High Court Quashes Ruto’s CAS Appointments, Terms Them Illegal

The establishment of the 50 CAS was deemed unlawful by the High Court.

The legislation was not followed in the creation of the aforementioned office, according to a three-judge bench.

It was not the intention of the constitution’s framers, according to Justices Kanyi Kimondo, Hedwig Ong’undi, and Ali Visram, to have 50 CASs substitute for 22 Cabinet Secretaries.

The bench agreed with the petitioners in the case that the additional 27 postings did not include any public engagement.

“The sequence and procedure leading to the additional 27 posts did not adhere to public participation. The process didn’t meet the threshold,” the bench ruled.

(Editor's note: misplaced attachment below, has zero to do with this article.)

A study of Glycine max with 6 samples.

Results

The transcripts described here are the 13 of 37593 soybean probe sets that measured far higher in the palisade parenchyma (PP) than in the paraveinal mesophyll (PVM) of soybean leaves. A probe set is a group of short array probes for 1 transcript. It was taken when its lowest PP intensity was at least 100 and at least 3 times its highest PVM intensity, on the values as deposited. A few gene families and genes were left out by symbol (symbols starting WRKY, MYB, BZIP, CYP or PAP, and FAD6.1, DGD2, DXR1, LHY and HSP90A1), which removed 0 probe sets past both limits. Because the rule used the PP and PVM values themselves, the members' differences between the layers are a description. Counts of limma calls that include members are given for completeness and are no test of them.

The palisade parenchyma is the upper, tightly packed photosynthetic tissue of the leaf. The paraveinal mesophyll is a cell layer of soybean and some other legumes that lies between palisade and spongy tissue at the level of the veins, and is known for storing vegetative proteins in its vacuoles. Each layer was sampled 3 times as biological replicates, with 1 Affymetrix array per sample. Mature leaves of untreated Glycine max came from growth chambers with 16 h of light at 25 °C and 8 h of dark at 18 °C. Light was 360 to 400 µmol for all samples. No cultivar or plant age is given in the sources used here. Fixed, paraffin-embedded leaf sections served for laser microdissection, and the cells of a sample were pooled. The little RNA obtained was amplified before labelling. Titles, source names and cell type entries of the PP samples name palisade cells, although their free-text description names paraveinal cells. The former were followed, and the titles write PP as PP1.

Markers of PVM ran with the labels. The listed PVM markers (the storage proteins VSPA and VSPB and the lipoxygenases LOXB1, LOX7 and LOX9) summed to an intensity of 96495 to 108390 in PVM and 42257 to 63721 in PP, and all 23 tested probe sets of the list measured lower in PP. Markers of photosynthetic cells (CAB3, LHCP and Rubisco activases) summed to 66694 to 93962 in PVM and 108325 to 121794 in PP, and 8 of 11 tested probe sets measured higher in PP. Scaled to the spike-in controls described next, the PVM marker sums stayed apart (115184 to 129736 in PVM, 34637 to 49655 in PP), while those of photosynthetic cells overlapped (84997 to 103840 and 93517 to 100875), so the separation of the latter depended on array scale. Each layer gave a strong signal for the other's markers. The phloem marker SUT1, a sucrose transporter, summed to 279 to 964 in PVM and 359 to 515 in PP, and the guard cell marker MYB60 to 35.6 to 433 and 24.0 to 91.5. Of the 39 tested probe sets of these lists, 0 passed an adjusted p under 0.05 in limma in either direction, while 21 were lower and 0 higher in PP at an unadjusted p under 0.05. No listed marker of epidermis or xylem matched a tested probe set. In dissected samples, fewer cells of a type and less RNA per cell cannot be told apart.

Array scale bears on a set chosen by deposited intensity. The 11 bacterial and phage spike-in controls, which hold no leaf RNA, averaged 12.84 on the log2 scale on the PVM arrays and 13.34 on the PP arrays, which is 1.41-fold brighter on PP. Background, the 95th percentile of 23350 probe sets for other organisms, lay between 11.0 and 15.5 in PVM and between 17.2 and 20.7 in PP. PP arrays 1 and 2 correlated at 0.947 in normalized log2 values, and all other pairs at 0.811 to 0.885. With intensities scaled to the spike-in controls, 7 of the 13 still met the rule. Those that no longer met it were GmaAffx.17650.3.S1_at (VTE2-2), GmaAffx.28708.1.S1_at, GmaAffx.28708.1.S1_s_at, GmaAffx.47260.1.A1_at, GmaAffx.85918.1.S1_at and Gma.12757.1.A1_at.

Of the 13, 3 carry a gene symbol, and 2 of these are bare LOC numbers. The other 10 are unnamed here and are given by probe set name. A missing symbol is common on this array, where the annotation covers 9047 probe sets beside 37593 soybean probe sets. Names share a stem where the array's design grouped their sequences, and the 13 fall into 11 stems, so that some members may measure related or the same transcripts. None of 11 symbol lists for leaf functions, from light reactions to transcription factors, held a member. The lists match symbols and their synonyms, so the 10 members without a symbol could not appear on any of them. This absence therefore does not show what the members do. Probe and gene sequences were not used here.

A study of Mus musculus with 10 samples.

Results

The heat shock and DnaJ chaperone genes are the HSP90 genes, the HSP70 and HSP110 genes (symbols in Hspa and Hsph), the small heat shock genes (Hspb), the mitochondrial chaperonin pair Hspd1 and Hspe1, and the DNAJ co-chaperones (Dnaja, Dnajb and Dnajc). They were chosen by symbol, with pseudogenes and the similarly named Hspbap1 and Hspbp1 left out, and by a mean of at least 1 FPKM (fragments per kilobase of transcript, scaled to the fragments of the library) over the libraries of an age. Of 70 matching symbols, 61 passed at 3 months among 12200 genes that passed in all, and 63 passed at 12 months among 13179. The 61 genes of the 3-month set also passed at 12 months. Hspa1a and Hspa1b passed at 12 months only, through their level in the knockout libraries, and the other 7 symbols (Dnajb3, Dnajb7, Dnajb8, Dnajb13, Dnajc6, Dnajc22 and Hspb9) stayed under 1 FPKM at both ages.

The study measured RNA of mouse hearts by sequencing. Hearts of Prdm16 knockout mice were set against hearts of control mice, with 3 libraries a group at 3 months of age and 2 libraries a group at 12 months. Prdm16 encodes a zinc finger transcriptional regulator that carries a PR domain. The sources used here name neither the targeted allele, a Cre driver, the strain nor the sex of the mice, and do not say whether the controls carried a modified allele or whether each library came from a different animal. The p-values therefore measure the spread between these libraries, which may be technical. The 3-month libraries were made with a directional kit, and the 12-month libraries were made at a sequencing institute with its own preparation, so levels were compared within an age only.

The judges said it was Incumbent upon PSC to prove public participation covered all the posts.

Ruto on March 16, nominated 50 CASs for the position against 23 vacancies announced by the Public Service Commission.

The 50 were nominated from a list of 240 shortlisted candidates.

They were sworn in on March 23, 2023, after the National Assembly declined to vet them, saying it had no constitutional authority to do so.

Later, the High Court issued orders preventing the CASs from taking office while a petition contesting their appointment procedure is heard and decided.

The court also prohibited the appointees from receiving a salary, pay, or any other benefit until the resolution of the case brought by the Law Society of Kenya (LSK) and Katiba Institute, according to the order made by Lady Justice Hedwig Ong’udi.

The judiciary then asserted that it had no involvement in the swearing-in procedure and that it had not sent any representative to conduct the event at the State House.